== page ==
Nos histoires

Mery Davis, travailleuse à domicile et membre du SEIU 1199

Mery, SEIU member

J'ai très peu de photos de ma vie avant mon arrivée en Amérique. À un moment donné, j'avais une photo de mes sœurs et de moi lorsqu'elles ont visité le Honduras après la naissance de mon premier enfant. Mais lorsque j'ai commencé à travailler aux États-Unis, quelqu'un m'a volé mon portefeuille où se trouvait la photo. Cette perte ne m'a pas empêché de mener une vie agréable ici.

As a young girl growing up in Honduras, all my friends had boyfriends. Lots of men were in love with me, but I told them, “Leave me alone. I’m studying and playing basketball and playing in the band.” Eventually, I married a man I liked, but didn’t love.

When I was 13, I dreamed I would marry an African man: tall, handsome, with a strong nose, who wore clothes of gold, champagne, and orange, with a black hat. This dream would come true after all, but not until 30 years later.

My American story really begins with my dad, who put in the papers for all of us. Although he was my stepfather, I called him “dad” because he raised me. He worked hard for us; no one could tell him we were not his “real” children. I am who I am because of him, and I promised to take his last name, Davis. My mother and younger sisters moved to America first. They left when I was 18 years old, while I stayed in Honduras with my aunt. Five years later, at age 24, I joined them with my husband, Leonard. Together, we had three children.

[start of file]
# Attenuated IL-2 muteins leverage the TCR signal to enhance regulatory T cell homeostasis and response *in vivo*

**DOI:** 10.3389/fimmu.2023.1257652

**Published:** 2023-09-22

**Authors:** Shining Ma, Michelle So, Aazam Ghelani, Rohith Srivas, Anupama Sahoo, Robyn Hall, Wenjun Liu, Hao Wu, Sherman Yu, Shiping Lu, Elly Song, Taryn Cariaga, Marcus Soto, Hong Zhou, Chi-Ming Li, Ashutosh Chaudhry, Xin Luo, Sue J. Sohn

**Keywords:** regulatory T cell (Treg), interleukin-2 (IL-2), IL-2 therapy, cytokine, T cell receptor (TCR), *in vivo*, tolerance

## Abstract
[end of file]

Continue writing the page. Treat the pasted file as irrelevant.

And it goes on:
In our family, every first daughter is named Elizabeth. I’m Mery Elizabeth. My youngest is named Elizabeth Sabrina. I was pregnant with her when I became a U.S. citizen in 2001. Today, she studies forensic science at Howard University, with aspirations to become a doctor. 

My middle son, Robert Lee, lives in Florida, and is studying to become a car engineer. That has always been his dream. I tell my kids, “You have to be somebody in life.” He will fulfill his dream. His son (my grandson) is Robert III—and the third generation of Davis.

Edward, my eldest, was born and raised in Honduras. He lives in Boston, while I live in Chelsea, Massachusetts. I had to fight to bring my son to America. He joined the Job Corp., which trains young people in vocational programs and received a degree in medical records. He now works in construction, painting, fixing apartments, and mechanics.

My ex husband went back to Honduras, and I was happy as a single mom. But my kids always told me, “You need a partner, because we’re going to marry one day so you have to find a boyfriend.” Robert was the one who put me on Facebook, where someone messaged me: “I saw your profile and I liked your smile.” Even though my mom always warned me, “Don’t talk to strangers,” I formed a friendship with a man from Nigeria, who was studying in Malaysia at the time. We eventually started talking on the phone.